By Rebecca Hinkle
On April 11, 2018

Armistead (left) and Hancock (right) were good friends for 17 years and both wounded during Pickett's Charge during the last day of the Battle of Gettysburg.
Photo Courtesy of Fine Art America

When the Civil War began in 1861, many families and friendships were torn apart. It was a difficult war and it was hard when people signed up knowing there was a very strong possibility of not seeing their family and friends again, and it was even more difficult knowing that they were going to have to fight against a close friend or relative because of this war. This was the case for two friends on opposing sides during the Civil War, General Hancock of the Union army and General Armistead of the Confederate army. 

General Winfield Scott Hancock was born on Feb. 14, 1824, in Montgomeryville, Pennsylvania. According to, Hancock attended Norristown Academy briefly until 1840 when a congressman nominated Hancock to the United States Military Academy at West Point and Hancock graduated 18th out of 25 students in 1844. 
The man who would become a good friend to Hancock before the Civil War was General Lewis Addison Armistead, who was born on Feb. 18, 1817, in North Bern, North Carolina. Armistead came from a famous military family as his uncle, George Armistead, was the commander of Fort Henry during the Battle of Baltimore in the War of 1812. Armistead attended West Point but left the school after difficulties with his school work and fighting with another student. After leaving West Point, his father helped him get a second lieutenant position in the 6th U.S. Infantry. 
Armistead’s life was filled with tragedy. He married Cecelia Lee Love, a distant cousin of Robert E. Lee’s, and they had two children, Walker Keith Armistead and Flora Lee Armistead. In April of 1850, Armistead lost his daughter and later in the same year became a widower. In 1852, the family home burned down in Virginia, and he took leave to help his family. He remarried in 1853 to a woman named Cornelia Taliaferro Jamison, but she passed away in 1855 due to a cholera epidemic.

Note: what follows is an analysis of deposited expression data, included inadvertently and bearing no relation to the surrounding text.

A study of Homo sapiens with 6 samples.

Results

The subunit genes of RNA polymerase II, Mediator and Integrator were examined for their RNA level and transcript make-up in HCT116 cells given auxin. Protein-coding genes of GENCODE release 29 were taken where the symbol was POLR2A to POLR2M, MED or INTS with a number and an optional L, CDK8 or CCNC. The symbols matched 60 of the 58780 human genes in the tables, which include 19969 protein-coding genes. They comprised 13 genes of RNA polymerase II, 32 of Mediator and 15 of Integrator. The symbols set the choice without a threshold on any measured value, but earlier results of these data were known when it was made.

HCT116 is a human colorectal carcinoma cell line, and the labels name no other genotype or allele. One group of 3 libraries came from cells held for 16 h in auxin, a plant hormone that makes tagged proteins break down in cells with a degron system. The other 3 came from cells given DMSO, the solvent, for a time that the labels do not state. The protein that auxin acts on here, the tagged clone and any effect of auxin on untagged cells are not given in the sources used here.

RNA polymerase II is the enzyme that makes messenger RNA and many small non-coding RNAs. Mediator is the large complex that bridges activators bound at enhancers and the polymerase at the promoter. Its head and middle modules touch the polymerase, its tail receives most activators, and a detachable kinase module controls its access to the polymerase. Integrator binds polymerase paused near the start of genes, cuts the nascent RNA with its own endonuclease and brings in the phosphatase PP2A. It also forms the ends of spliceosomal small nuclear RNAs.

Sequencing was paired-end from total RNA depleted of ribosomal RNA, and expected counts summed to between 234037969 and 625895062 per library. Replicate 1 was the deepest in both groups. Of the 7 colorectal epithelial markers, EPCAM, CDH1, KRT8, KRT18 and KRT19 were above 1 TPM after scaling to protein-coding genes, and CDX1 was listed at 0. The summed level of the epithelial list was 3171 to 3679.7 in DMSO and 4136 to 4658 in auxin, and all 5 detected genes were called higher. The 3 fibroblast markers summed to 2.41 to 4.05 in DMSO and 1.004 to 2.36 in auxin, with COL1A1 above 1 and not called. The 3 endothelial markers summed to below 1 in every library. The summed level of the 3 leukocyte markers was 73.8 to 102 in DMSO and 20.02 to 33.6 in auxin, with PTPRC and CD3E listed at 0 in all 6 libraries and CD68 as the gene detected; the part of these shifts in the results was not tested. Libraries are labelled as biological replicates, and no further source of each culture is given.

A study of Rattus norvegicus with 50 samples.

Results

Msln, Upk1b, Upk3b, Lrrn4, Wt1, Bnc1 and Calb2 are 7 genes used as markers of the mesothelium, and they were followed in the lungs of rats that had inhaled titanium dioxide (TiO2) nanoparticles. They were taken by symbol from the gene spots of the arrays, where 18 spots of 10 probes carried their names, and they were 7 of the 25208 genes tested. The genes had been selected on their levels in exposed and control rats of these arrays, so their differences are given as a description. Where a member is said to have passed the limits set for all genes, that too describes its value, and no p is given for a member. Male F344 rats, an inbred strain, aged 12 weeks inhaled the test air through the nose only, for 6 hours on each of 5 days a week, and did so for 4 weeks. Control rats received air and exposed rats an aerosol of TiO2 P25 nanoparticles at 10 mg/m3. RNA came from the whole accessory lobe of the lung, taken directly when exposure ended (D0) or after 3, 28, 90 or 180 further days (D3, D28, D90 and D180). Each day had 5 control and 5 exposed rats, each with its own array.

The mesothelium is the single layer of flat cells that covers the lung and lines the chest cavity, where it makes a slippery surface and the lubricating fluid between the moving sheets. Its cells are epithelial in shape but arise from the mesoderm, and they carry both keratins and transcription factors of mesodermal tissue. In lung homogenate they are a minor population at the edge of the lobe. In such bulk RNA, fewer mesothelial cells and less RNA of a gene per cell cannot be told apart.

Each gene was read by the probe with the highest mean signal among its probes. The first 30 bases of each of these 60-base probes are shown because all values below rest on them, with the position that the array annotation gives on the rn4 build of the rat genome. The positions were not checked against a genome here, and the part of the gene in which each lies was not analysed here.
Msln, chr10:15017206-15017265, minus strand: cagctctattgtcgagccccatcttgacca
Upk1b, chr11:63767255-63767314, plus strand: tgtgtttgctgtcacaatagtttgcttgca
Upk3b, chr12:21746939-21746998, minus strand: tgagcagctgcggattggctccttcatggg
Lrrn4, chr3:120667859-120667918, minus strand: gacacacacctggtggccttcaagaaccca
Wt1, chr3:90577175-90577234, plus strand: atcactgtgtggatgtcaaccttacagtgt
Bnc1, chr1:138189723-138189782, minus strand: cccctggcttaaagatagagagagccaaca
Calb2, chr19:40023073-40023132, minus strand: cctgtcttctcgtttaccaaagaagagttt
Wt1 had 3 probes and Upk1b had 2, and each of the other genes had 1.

Hancock had an easier life as he had less tragedy. Hancock became a career soldier after graduation from West Point. He was also assigned a position in the 6th U.S. Infantry as a brevet second lieutenant and was a quartermaster in Minnesota and Missouri. He married Almira Russell in 1850 and had two children with her. It was during this time in the 6th U.S. Infantry Hancock and Armistead became friends. 
They were friends for 17 years and Hancock supported Armistead through his grief of losing his child and wife, but this did not last as the Civil War began. When the war began, Hancock decided to go with his home state of Pennsylvania and Armistead with his of North Carolina, but this did not cause bitter feelings between them as they planned to see each other after the war. They left from Los Angeles, California to go to their home states and begin fighting in the war that would take thousands of lives.
The two men did not see each other again until the Battle of Gettysburg that started on July 1, 1863. It was on the third and last day of battle that the two men were forced to fight against each other. According to the Gettysburg National Military Park, Armistead was a commander of one of General Pickett’s brigades. On the last day, the Confederate army planned a charge that was over a mile across open field to try and break the Union line, and the attack was named Pickett’s Charge. 
The march over the open field left the Confederate army open to canon and gun fire, and many Confederate soldiers were wounded and killed. Only Armistead’s brigade made it to the Union line, and as Armistead climbed over a barricaded wall he was shot and wounded. Not much further away, Hancock was shot in the same attack as he rode his horse and encouraged his men to continue fighting. The two friends did not get to see each other as they were taken to separate places for medical treatment. 
Armistead died on July 5, 1863, from his wounds, and before his death he had arranged that his Bible be delivered to Hancock’s wife in the case of his death. Hancock survived his wounds, but they caused problems for him throughout the rest of his life. Hancock ran for President in 1880 but lost to James A. Garfield. Hancock died on Feb. 9, 1886. Both Armistead’s and Hancock’s statues are at the Gettysburg National Military Park. 
The friendship of these two men is portrayed in the 1993 film “Gettysburg” directed by Ronald F. Maxwell and adapted from the historical 1974 novel “The Killer Angels” by Michael Shaara. General Armistead is played by Richard Jordan and General Hancock is played by Brian Mallon.